The Lake States Fire Database is an extensive set of spatial fire information covering the northern Great Lakes region. As a record of wildfire activity in the northern parts of Minnesota, Wisconsin, and Michigan, this data set is the first to unify fire records for the multi-state area.

Produced as part of the Great Lakes Ecological Assessment Fire Project under a cooperative agreement between the USDA Forest Service and the University of Wisconsin-Madison, the Lake States Fire Database was produced using fire data from four agencies. The Departments of Natural Resources of Minnesota, of Wisconsin, and of Michigan, and the USDA Forest Service each contributed information for wildfires that occurred within their jurisdictions from 1985-1995. The fire database contains the origin location and final size for over 18,000 fires in the region over these 11 years. Data were gathered for those wildfires occurring in areas where the Departments of Natural Resources or USDA Forest Service had primary suppression responsibility. The final study area consisted of the intersection of those primary-suppression areas and those counties to the north of or containing the border for the Laurentian Mixed Forest Province (Bailey 1995).

Creation of a useable fire data set from the agencies' contributions necessitated transformation of fire location information to a spatially explicit coordinate system. Almost all fire origin information had been recorded using the Public Land Survey System (PLSS), which allowed for the location of a fire to the nearest 1 mi2 (2.59 km2). Transformation tables were used to convert the PLSS descriptions of fire origin locations to a set of state-specific coordinate systems. These state-specific systems were then projected onto an Albers Equal-Area Conic projection centered over the northern Lake States region. This allowed, for the first time, fire patterns to be displayed across multiple states and agency boundaries.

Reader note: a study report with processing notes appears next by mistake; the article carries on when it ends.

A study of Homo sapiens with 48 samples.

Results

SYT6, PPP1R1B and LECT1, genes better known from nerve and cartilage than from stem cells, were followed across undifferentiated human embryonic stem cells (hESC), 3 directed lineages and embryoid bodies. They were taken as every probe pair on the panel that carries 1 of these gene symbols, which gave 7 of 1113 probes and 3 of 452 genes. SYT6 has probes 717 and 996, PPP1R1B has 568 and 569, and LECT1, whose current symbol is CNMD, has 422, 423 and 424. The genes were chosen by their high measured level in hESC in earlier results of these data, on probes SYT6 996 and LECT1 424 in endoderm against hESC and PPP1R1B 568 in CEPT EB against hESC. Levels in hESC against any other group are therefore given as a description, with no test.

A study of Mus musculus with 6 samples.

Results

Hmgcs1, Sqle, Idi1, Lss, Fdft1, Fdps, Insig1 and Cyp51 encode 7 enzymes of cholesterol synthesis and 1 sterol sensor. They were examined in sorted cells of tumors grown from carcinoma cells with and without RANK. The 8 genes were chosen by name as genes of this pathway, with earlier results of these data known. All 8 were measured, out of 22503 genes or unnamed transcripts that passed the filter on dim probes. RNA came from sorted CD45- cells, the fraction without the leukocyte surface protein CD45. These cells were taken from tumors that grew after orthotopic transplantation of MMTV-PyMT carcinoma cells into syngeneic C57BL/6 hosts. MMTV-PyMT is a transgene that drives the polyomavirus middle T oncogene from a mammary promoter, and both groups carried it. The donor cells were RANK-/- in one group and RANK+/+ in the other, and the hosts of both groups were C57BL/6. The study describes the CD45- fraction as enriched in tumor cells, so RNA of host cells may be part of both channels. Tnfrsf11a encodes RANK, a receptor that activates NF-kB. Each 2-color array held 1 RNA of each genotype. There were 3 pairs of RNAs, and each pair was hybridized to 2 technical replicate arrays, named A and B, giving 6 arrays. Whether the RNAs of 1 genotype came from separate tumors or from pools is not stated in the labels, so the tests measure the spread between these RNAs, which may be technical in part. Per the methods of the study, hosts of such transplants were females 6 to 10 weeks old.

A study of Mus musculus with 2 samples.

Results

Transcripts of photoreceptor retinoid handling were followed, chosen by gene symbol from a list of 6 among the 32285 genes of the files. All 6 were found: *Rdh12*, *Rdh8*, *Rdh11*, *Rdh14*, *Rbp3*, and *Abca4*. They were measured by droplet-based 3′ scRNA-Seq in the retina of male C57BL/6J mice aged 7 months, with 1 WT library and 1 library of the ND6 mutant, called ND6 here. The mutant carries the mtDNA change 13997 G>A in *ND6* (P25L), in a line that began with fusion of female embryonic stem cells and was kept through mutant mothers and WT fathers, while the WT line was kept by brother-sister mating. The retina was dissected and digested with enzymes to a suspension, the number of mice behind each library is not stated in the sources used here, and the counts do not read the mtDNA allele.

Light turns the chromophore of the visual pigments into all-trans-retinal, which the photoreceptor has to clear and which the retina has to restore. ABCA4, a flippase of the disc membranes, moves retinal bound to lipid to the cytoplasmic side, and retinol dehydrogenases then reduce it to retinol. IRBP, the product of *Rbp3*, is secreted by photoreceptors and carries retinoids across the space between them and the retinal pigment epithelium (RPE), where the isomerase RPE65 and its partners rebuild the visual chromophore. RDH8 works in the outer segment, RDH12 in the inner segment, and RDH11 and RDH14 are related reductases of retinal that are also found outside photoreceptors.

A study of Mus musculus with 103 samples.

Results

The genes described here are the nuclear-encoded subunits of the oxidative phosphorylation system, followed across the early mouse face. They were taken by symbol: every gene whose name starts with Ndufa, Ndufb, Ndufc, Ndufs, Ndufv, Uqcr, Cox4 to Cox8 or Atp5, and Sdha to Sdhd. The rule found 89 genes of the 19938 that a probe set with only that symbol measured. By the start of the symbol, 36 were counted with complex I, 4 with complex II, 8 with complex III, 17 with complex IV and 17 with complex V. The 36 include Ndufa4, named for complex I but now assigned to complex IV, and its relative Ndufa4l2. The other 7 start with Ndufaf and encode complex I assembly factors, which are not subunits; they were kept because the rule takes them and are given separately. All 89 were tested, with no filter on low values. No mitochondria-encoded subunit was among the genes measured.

Although the vast majority of fires during this time period were small, a sizeable number were quite large.  By segregating fires using size thresholds, the Lake States Fire Database can, for the first time in this region, show the spatial patterns of fire activity. For example, it is possible to view all fire reports, all fires larger than or equal to 1 acre, all fires larger than or equal to 10 acres, all fires larger than or equal to 100 acres, and all fires larger than or equal to 1000 acres.

Gridded Framework

A set of grids was superimposed onto the northern Lake States region to provide a systematic framework to assess fire occurrence and density. Grids with resolutions of 10 km, 5 km, 3 km, and 2 km were used to explore the Lake States Fire Database; this framework allowed us to create raster maps showing fire attributes. For example it was possible to create an occurrence map showing which cells, using a 10 km resolution, witnessed a fire of size larger than or equal to one acre during the 1985-1995 period. Large-fire patterns can be assessed by showing only those cells containing a fire larger than or equal to 100 acres.

By counting the number of fires of a given size within a cell, it is possible to display, for example, maps of counts larger than or equal to 1 acre and of counts of fires larger than or equal to 100 acres.

The Lake States Fire Database can be used to investigate, for the first time, the spatial variation of fires across the entire northern Lake States region. By comparing it with the Fire Factor Database , it is possible to investigate which abiotic, biotic, and human factors may be associated with the occurrence or frequency of fires in the region.